Weak pound prompts overseas spending spree in UK

Jake Cordell
Tourists went on a spending spree after the referendum (Source: Getty)

Tourists are hitting the UK's shops like never before as they cash in on a weak pound to snap up British goods at knock-down prices, new payment data has revealed.

Card payment giant WorldPay said today spending from foreign cards at UK stores has jumped by 12.4 per cent since the referendum. The climb mirrors the 14 per cent slide in sterling since 23 June, showing the weak pound is directly driving up sales at British retailers.

The analysis revealed an increase both in the number of shoppers and the average spend per person. The total number of sales rose 3.4 per cent after the referendum, while the average transaction value climbed by 8.8 per cent to just over £50.

The figures come as the CBI revealed manufacturing exports had climbed to their strongest level in two years on the back of the weaker pound, and a day after EY reported City firms were taking a "business as usual" approach to the referendum result. It is the latest in a string of surveys which has revealed the popularity of the UK as a holiday destination has jumped following the referendum.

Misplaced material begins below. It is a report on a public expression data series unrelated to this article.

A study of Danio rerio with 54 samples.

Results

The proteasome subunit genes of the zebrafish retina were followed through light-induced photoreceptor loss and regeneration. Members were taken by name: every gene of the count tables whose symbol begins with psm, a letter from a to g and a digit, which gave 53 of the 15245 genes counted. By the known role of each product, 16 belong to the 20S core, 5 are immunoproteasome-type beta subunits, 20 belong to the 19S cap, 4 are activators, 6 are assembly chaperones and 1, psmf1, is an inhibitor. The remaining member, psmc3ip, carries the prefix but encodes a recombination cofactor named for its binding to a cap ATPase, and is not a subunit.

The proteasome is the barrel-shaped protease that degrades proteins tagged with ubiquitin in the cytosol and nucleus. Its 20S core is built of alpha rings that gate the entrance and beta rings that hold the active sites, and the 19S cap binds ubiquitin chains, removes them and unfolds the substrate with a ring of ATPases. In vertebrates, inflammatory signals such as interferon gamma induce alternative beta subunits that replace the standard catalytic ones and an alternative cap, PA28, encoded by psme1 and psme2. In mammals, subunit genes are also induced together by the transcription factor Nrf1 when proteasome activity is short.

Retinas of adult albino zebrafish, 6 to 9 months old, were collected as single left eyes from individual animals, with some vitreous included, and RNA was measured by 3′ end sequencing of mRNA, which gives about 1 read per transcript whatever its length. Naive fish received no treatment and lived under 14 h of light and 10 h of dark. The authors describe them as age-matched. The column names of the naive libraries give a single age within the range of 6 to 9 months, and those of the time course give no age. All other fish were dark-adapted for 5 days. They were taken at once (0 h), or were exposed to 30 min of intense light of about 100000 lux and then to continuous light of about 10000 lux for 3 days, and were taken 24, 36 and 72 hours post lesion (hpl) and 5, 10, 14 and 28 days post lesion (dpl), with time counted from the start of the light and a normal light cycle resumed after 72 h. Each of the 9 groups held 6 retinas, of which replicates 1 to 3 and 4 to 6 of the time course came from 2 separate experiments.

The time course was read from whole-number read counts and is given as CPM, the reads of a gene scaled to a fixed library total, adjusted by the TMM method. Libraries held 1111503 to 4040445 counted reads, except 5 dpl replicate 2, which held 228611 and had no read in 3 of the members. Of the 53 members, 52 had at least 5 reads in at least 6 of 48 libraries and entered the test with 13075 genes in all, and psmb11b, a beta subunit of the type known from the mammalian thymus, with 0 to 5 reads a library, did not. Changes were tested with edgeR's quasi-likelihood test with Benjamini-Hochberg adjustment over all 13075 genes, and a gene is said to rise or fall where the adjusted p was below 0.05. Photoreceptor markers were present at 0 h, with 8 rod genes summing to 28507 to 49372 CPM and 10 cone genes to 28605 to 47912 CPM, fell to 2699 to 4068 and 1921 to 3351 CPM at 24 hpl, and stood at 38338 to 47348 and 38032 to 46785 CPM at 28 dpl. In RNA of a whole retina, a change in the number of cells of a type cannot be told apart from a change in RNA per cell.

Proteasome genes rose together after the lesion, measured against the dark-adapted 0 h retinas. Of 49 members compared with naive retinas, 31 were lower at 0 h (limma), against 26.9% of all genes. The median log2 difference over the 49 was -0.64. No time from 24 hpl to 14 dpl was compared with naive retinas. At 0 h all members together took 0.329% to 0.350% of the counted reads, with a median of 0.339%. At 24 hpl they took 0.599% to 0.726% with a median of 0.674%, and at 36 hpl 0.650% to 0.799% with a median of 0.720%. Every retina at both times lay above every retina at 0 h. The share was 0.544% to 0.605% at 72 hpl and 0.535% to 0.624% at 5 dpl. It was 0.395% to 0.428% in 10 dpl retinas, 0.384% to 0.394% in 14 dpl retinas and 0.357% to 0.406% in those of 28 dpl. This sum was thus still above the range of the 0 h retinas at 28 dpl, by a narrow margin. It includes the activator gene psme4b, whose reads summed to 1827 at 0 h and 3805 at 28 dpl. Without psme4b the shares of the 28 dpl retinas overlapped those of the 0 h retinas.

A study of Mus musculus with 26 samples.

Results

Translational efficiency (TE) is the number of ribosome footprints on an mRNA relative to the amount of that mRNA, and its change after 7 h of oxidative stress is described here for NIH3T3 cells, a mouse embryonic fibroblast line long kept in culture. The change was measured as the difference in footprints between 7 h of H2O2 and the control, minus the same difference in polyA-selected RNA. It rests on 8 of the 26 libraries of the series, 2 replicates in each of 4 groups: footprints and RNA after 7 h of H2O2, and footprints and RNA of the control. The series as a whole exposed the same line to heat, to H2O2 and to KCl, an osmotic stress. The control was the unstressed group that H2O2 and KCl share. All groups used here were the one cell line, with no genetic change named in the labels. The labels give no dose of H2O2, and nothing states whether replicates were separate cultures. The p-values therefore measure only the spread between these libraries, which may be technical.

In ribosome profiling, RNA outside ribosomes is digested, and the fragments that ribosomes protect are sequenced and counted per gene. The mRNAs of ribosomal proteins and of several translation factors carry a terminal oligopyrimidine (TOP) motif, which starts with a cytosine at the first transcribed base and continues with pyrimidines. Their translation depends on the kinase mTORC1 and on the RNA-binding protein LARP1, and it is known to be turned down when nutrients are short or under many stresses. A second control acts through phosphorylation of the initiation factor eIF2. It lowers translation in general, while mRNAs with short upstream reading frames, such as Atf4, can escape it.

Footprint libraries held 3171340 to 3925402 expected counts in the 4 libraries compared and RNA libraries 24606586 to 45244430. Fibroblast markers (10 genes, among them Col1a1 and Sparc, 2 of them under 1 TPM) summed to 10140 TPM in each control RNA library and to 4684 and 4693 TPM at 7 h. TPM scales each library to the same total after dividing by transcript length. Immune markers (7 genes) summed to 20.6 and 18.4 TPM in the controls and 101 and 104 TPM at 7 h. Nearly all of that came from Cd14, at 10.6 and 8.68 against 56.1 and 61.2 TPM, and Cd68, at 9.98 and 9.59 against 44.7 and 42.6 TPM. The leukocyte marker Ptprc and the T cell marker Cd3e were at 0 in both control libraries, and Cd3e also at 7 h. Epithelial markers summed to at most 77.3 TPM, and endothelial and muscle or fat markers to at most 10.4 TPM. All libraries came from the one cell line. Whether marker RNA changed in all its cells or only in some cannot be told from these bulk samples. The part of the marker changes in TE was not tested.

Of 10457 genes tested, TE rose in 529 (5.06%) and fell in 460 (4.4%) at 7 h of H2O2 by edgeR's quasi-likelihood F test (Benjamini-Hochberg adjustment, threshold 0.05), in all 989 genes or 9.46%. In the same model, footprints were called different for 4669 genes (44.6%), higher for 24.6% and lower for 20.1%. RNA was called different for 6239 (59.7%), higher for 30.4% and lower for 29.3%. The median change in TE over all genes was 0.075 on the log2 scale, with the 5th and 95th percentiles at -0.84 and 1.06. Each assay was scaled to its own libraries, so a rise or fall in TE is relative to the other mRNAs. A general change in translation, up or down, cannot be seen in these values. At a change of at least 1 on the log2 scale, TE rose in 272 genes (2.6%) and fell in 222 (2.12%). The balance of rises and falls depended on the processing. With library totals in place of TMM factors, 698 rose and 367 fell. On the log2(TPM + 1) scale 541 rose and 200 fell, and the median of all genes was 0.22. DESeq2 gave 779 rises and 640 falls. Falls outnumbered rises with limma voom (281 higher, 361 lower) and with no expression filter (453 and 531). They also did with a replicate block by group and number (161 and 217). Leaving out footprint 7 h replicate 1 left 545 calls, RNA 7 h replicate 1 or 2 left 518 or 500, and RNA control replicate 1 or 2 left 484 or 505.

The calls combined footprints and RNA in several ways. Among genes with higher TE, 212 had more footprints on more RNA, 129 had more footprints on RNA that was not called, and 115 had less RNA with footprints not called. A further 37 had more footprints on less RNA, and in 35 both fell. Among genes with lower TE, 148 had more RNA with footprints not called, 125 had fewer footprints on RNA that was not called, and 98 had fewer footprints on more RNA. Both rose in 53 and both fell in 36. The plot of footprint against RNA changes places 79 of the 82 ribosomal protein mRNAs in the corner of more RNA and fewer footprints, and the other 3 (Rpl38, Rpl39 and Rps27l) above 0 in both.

Separate data also out today showed a 13 per cent jump in sales of Swiss watches in the UK following the vote.

The slide in the pound has caught the attention not only of tourists heading to the UK, WorldPay suggested, as online transactions were also up. Online spending at UK outlets from non-UK cards jumped 5.3 per cent, with the average transaction value climbing 8.6 per cent.

Read more: Should Philip Hammond cut VAT to support the UK economy?

"Recent currency fluctuations have meant that there's never been a better time to 'Buy British' for overseas consumers," said Dave Hobday, UK managing director at WorldPay.

London was one of the regions to see the biggest spike, although it trailed Northern Ireland, where the number of sales to non-UK cardholders climbed by a massive 23.4 per cent after the referendum - "possibly due to visitors from the Republic of Ireland crossing the border to take advantage of the weaker pound," WorldPay suggested.